When ChatGPT and similar systems started being available, people noticed right away that they could provide completely wrong answers. But they would do so in language that was so confident and plausible (because that is how they are designed).
Some people started to say “ChatGPT lies about information”.
But somewhat immediately, people started pushing back and saying that it isn’t “lying” because that implies sentience or consciousness. Say it is “lying” is “anthropomorphizing”, i.e. attributing human behavior to something that is very definitely not human.
Instead, some people said, let’s refer to this false information as “hallucinations”, as that is in fact a term used in AI research. So we say instead “ChatGPT hallucinates information.”
I personally like that term. It provides a way to explain to people that these AI tools just make stuff up!
But, as noted in this excellent Ars Technica article by Benj Edwards (that you really need to read to understand all this!), the use of “hallucination” has two issues:
- It also is anthropomorphizing and ascribing human behavior to a non-sentient / non-human thing.
- More importantly, saying an AI “hallucinates” has a nuance of being excusable behavior. “Oh, yes, Fred was just hallucinating when he said all that.” As if it was just random memories or a trip on some kind of drugs. It lets the AI creators off the hook a bit. They don’t have to take responsibility for their errors, because “it’s just the AI hallucinating”!
Which is fine… I can go along with that reasoning.
But… the author then suggests instead we use the term from psychology of “confabulation”, as in:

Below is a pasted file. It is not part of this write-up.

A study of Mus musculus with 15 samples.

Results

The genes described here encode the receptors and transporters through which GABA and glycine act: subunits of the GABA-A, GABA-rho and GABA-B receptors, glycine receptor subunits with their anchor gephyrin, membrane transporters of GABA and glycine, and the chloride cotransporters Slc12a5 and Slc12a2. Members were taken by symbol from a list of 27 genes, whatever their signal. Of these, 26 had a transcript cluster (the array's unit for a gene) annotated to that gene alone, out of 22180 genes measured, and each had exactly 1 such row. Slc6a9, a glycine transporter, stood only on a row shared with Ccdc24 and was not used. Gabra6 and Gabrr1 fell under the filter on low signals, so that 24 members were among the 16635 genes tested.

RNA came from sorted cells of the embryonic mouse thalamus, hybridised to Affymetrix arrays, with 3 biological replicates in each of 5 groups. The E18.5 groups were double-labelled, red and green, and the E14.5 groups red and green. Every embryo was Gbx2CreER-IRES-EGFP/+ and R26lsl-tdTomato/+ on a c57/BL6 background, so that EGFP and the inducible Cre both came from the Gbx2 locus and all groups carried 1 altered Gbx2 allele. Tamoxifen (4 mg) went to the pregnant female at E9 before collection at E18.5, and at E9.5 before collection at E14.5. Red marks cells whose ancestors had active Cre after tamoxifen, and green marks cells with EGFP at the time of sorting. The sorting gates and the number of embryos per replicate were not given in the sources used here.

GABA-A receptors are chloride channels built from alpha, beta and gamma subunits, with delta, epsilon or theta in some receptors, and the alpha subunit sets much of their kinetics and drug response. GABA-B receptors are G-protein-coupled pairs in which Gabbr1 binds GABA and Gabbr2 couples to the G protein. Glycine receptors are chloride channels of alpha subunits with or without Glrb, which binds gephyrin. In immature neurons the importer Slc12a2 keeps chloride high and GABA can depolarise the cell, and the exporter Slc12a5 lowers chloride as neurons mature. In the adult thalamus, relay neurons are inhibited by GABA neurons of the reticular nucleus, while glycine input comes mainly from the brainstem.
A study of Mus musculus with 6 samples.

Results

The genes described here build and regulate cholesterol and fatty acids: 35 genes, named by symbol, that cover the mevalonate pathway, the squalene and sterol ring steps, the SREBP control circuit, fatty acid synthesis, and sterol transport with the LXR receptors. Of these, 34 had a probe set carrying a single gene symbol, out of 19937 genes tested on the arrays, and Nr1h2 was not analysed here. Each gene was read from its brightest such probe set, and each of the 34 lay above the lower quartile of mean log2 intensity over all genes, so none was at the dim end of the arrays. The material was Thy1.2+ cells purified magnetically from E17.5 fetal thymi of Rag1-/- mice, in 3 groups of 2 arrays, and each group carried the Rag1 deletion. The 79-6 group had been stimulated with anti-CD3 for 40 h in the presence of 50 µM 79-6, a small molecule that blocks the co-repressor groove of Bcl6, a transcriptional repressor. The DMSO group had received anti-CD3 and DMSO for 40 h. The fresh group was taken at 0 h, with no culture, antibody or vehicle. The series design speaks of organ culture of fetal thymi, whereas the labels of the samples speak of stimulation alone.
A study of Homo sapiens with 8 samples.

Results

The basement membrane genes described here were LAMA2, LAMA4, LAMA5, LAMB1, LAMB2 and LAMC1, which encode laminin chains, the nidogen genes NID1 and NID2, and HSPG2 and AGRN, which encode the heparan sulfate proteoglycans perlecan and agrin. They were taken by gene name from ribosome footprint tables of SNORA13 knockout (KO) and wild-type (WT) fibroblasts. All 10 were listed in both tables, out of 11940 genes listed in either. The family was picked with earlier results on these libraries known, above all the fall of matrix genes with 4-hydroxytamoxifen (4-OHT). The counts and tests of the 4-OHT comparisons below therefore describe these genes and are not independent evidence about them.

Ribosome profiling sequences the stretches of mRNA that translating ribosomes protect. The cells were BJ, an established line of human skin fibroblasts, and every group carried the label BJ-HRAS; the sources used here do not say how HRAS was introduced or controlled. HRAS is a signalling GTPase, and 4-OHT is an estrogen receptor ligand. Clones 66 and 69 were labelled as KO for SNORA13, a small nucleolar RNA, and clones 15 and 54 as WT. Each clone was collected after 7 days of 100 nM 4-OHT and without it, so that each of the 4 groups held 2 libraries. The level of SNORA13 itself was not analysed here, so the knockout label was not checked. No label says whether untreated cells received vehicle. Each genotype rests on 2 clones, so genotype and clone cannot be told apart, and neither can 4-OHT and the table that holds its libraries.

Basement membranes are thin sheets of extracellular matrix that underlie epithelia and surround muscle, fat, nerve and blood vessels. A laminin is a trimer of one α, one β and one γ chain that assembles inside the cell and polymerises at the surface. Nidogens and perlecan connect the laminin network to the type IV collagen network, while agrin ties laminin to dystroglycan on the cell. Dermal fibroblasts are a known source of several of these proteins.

”ChatGPT confabulates information”
Hmm. While I get that “confabulation” may be more technically accurate, I think it still has the issues:
- It is still anthropomorphizing.
- It still lets developers not take responsibility. “Oh, it’s just the AI confabulating.”
But more importantly… “confabulation” is NOT A WORD PEOPLE REGULARLY USE!
At least, people who are not in psychology.
If we as technologists want to help the broader public understand these AI systems, both their opportunities and challenges, then we need to speak in plain language.
I do think we need to go back to the beginning and just say “ChatGPT lies”.
This has two important aspects:
- All of us understand “lying”.
- It puts the responsibility on the AI system - and its developers - for “behaving” that way.
Yes, it’s anthropomorphizing. No, ChatGPT and other AI systems are NOT human or sentient. No, they can’t really “lie” in the human understanding of it.
But we can use that term to help people understand what is happening here.
ChatGPT and other systems are lying. They are NOT giving you true information.
Let’s call it like it is.
P.S. It turns out that Simon Willison, who has been diving deep into the world of AI far more than I, has written something similar: “We need to tell people ChatGPT will lie to them, not debate linguistics” - please read Simon’s post for a another view!
Image credit: from Bing Image Create (DALL-E) using prompt “create an image showing an AI that is hallucinating”
If you found this post interesting or useful, please consider either:
- following me on Mastodon;
- following me on Twitter;
- following me on SoundCloud;
- subscribing to my email newsletter; or
- subscribing to the RSS feed
You can follow this conversation by subscribing to the comment feed for this post.